Background and funding
The Skeleton Weed Program began in 1973-74 following the discovery of large infested areas in the Narembeen shire.
The program is delivered by the Department of Primary Industries and Regional Development (DPIRD) under a service delivery arrangement with the Grains, Seeds and Hay Industry Management Committee. The Committee acts under the Biosecurity and Agriculture Management Industry Funding Schemes (Grains) Regulations 2010 to manage prioritised pests affecting the grains industry.
The Grains, Seeds and Hay Industry Management Committee is funded through contributions raised on the sale of grain, seed and hay.
Services provided by the program are only available to landholders who contribute to the Grains Industry Funding Scheme through the sale of grain, seed or hay. Landholders not under the scheme but who have skeleton weed on their properties are still required to meet their obligations under the program but at their cost.
- Improve landholders’ ability to find and eradicate skeleton weed.
- Increase landholders’ awareness of skeleton weed as a highly undesirable weed.
- Widely publicise descriptions and pictures of skeleton weed to help landholders identify infestations.
- Inform landholders about the most up-to-date techniques available for the management and eradication of skeleton weed.
- Provide assistance with searching and eradication.
- Encourage local grower groups (Local Action Groups) to participate in cooperative surveillance and reporting of infestations.
- Encourage Local Action Groups to assist in the management and eradication of skeleton weed in their local areas.
- Implement practical compliance regimes in affected areas.
- Provide landholders with incentives to report infestations.
- Provision of winter control treatments where landholders are compliant with program requirements.
Summer searching and surveillance
The Skeleton Weed Program undertakes annual summer surveillance of paddocks with high chances of having skeleton weed.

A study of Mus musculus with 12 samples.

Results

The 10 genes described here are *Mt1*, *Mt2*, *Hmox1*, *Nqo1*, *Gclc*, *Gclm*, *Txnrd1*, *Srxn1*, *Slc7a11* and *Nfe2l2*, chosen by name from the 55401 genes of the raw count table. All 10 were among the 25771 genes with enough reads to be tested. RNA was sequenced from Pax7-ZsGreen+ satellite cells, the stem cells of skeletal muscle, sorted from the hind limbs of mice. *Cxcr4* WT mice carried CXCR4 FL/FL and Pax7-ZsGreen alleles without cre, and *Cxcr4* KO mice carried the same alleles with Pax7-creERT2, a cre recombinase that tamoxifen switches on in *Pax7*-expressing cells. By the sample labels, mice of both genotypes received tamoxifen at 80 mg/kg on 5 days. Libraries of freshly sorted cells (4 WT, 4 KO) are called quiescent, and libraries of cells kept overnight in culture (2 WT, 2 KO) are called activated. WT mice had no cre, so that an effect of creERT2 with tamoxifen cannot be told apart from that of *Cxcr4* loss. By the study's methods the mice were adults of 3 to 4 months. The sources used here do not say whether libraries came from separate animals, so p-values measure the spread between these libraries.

DPIRD has been carrying out a targeted surveillance program since 2002 with the objective to find infestations in areas considered a high risk of having skeleton weed. This program also raises awareness of the presence of skeleton weed on high risk properties. It occurs on non-infested properties between December and March in grain growing areas.
Properties chosen for surveillance are considered to have a high probability of having skeleton weed, due to being near or adjacent to a current skeleton weed infested property. Other properties are identified from analysis of current infestation locations, and predictions of spread from these locations.
Surveillance involves checking a minimum of three paddocks over summer (preferably crop stubbles) on each selected property. The aim is to search up to 300 hectares per property.
Landholders or managers will be contacted via phone and correspondence to advise of impending scheduled surveillance and confirm which properties can be searched. Paddocks should be livestock-free and unsprayed four weeks, and allow 5-10 days before Departmental searching of harvested paddocks; this will allow skeleton weed to grow above the stubble.
In addition to the surveillance program, all landholders in grain growing areas are encouraged to undertake their own monitoring for skeleton weed, as part of their farm biosecurity measures, using recommended search protocols as outlined in the Skeleton Weed in Western Australia: Management Guide.
Reporting skeleton weed
Regional reports - please contact your nearest DPIRD or LAG office.
Metropolitan reports - use the below options
Further details about the Skeleton Weed Program can be found in the Skeleton weed in Western Australia Management Guide or email SkeletonWeedProgram@dpird.wa.gov.au.